Murong Xuecun, author of Leave Me Alone Tonight, Chengdu, was in Australia when several intellectuals and activists got together in Beijing this year to commemorate the anniversary of the 1989 “June 4th Incident.” Several of those who were there have since been arrested, such as civil rights lawyer Pu Zhiqiang (浦志强), and in order to call attention to their plight, he turned himself in to the police and admitted that while not present at the gathering, he had contributed an essay for their discussion. Here is his description of the ensuing questioning session with the 国保, or Guóbǎo (Inside a Beijing Interrogation Room):
Then we discussed the Tiananmen Square incident itself. I argued that under no circumstances should the government have ordered the army to shoot at unarmed civilians, let alone dispatch tanks to roll onto the streets of Beijing. The officers did not agree or disagree with me; they just kept asking questions: Do you know what the overall situation was? Do you know what was happening in international affairs at the time? Do you know how many soldiers were beaten or burned to death?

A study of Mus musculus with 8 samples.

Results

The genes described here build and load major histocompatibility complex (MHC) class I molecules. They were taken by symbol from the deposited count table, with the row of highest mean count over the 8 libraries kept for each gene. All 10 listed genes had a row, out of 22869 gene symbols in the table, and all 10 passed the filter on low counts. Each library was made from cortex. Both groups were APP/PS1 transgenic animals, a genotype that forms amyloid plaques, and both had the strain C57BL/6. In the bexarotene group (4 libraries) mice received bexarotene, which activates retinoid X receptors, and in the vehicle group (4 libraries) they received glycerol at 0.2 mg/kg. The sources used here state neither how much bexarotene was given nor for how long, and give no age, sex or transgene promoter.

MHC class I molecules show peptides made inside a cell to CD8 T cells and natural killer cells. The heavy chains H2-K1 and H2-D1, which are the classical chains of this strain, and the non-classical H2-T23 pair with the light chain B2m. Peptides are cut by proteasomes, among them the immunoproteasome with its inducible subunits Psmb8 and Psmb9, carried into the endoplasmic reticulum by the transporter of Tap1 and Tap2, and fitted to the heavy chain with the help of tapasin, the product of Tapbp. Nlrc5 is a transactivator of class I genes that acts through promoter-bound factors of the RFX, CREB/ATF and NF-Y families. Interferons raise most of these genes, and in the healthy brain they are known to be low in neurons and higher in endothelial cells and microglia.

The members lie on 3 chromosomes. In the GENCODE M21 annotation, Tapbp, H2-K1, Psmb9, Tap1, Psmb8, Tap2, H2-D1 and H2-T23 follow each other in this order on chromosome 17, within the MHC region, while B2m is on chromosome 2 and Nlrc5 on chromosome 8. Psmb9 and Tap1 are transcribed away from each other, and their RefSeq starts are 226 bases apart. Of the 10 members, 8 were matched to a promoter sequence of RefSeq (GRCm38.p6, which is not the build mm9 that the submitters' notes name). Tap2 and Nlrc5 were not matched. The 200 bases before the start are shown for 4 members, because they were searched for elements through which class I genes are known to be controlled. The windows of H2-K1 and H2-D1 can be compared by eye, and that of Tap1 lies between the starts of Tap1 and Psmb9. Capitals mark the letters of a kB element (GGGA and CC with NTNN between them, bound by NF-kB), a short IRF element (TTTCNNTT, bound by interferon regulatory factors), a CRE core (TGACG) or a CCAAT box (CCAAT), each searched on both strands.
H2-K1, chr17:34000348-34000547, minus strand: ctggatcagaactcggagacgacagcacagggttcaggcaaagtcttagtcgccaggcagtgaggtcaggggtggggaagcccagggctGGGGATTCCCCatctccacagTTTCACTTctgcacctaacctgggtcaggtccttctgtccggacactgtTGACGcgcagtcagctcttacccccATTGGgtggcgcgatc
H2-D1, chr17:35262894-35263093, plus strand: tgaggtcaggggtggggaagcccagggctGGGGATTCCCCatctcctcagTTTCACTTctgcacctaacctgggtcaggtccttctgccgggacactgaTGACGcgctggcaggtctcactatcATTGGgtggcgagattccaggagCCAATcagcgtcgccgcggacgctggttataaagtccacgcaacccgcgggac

The conversation turned to whether I had broken the law. I told them that I assumed they thought I did because they arrested my friends who were at the Tiananmen commemoration. The officers didn’t like that I made the law sound capricious. The law is not about what they “think,” one of them said. The police, the officer said, had arrested my friends because they broke the law.
Next we discussed whether citizens “must obey the law.” I said good laws should be obeyed but evil laws must be challenged. They strongly disagreed, insisting that the law must be obeyed whether it’s good or evil.
“And you’re a graduate of the China University of Political Science and Law, eh?” the younger one asked mockingly.
I began to talk about Thoreau’s essay on civil disobedience, but quickly felt like a ridiculous pedant. What’s the point of talking about the virtues of civil disobedience in a Beijing police station?